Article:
Save the date postcards inform friends and family about an upcoming special event you don't want them to miss, such as a wedding, anniversary or reunion. Depending on the occasion and how close you are to those you are inviting, select a formal addressing style, an informal one or a mixture of both. Use the manner in which you address the cards to indicate who is invited, for example, whether children or a date can also attend. The more specific you are in addressing the postcards, the fewer questions you will have to field about add-on guests.
Close Friends and Family
Decide how formal you want to be in the way you address your close friends and family. Most of your close friends and family will likely be comfortable with names without formal titles such as "Mr.," "Mrs." and "Ms," as you probably refer to them by their first names. Senior adults, such as your grandparents, may find titles more comfortable, for example, "Mr. and Mrs. Thomas McCorkle."
Address the postcard to the entire family if you are inviting a couple with children, for example, "The Sanchez Family" or "Ruth and Paul Snyder and family."
Address the card to a single person who may bring a guest as "Jake Potter and guest," for example. If bringing a guest is not an option, address the card only to the invited person.
Discard the postcard if you make a mistake when writing the name or address. Do not try to correct it with liquid paper or by marking it out and rewriting.
Distant Friends and Dignitaries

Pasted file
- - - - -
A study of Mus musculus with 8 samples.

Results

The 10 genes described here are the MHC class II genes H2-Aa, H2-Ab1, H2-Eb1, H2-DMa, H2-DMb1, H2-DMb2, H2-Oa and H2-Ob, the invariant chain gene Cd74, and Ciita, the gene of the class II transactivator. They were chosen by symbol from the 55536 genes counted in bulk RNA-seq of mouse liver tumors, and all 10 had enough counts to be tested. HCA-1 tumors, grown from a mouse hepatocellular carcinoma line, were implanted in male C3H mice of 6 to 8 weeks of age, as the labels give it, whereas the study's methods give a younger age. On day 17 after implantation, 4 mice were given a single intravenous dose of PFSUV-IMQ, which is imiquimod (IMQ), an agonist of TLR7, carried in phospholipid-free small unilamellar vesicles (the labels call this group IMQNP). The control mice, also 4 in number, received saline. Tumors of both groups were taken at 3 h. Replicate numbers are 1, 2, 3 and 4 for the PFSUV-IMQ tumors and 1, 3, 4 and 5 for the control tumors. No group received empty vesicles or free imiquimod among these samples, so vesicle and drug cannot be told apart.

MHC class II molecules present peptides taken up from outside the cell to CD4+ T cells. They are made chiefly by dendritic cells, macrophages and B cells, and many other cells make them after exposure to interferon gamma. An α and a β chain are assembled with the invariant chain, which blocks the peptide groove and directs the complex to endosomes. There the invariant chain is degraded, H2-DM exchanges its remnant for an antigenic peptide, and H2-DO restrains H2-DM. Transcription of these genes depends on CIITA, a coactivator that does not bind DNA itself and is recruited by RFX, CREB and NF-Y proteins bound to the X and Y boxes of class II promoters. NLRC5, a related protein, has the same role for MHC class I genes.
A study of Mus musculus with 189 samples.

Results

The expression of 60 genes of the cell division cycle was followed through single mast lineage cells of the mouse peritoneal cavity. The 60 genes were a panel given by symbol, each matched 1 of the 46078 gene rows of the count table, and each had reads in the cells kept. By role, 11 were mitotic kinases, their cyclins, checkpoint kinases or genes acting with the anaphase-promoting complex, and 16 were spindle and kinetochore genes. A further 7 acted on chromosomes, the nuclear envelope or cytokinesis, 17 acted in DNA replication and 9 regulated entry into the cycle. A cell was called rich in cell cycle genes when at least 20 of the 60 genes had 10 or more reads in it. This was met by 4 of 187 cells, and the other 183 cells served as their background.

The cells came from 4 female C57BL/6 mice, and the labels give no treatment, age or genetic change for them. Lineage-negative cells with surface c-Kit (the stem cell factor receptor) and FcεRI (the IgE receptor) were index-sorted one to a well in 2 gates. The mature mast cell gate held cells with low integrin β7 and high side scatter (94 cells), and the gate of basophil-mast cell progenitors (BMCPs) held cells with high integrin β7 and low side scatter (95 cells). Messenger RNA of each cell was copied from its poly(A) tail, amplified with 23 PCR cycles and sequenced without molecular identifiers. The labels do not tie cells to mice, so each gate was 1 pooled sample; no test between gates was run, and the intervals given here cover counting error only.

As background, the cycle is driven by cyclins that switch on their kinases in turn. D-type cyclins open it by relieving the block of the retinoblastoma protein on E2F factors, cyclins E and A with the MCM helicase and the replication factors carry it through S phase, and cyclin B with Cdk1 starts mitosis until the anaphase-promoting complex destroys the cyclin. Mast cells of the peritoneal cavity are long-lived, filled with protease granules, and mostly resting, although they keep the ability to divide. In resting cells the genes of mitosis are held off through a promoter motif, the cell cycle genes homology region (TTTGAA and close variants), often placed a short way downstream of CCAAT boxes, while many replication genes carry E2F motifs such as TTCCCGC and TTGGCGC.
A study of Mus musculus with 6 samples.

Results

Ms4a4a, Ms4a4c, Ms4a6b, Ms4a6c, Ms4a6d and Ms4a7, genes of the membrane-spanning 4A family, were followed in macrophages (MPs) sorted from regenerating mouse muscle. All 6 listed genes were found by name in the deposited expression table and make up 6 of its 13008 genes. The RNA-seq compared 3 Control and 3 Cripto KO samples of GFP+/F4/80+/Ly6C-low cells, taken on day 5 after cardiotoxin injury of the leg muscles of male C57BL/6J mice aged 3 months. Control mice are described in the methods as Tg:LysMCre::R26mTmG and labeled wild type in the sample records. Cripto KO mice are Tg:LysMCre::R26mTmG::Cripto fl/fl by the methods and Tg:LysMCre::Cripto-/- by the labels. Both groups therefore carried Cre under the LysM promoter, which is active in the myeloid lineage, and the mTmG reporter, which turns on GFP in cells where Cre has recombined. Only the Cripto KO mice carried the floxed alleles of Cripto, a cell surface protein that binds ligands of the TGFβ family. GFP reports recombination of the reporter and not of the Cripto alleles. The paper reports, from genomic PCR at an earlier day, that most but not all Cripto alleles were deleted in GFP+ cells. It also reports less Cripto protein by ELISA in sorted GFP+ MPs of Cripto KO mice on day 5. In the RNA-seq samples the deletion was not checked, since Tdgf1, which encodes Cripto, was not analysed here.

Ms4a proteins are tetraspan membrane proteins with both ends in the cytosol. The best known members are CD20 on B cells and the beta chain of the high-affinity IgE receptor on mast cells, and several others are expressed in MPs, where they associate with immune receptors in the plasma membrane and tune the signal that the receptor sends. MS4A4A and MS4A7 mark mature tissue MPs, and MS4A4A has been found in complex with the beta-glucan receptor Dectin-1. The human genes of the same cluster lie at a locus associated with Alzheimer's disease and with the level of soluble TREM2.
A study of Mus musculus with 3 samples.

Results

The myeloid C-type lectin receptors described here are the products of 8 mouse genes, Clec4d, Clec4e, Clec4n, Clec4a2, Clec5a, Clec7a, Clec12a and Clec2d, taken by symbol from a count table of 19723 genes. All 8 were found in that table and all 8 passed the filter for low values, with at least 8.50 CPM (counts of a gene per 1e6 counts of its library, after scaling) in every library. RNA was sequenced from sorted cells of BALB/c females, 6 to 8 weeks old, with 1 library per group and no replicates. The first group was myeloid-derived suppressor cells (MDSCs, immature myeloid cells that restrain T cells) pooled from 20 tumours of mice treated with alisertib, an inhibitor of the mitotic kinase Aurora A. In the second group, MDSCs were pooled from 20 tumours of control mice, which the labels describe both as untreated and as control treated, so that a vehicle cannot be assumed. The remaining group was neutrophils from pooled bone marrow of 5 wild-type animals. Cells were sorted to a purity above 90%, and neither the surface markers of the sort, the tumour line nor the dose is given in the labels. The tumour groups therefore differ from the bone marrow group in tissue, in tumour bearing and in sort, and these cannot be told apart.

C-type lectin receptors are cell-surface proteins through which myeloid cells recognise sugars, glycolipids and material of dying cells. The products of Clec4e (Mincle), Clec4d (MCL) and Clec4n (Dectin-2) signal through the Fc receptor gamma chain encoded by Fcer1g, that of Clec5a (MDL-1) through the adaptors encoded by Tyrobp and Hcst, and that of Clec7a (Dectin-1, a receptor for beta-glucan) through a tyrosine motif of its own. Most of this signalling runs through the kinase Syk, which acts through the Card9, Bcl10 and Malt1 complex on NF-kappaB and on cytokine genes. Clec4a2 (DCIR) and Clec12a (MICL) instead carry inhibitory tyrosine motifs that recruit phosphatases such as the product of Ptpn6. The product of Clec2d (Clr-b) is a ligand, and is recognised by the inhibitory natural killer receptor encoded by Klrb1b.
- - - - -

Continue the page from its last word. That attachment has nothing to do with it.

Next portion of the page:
Select a more formal address style for distant friends and dignitaries you invite, such as the minister of your church, a city official, your parents' best friend or higher management at your workplace. Spell out the entire name with the appropriate title, such as "Mr. David Friend," "Rev. Sally Smith," "Rabbi Joseph Stein," "Doctor William Bryant" or "The Honorable Jacob Sullivan and Mrs. Sullivan."
Place each name on a different line if each member of a couple has a title to acknowledge, such as "Elizabeth Winters, Ph.D." on one line and "Professor Samuel Winters," on the second line.
Utilize "Miss" for all young, unmarried women from birth to 20 years of age and "Ms." for unmarried women who are older. Young boys below age 9 can be addressed as "Master Paul Carter," for example. Boys between the ages of 9 and 15 can be listed without a title, and those over the age of 16 should be addressed as "Mr."
Follow the names with legibly written addresses, including the zip code. Verify each address for accuracy against your list after you write it. When in doubt about the formality of your address style, consider the event and use a formal style for a formal event, such as a cotillion or formal ball and an informal style for a child's birthday or a family gathering.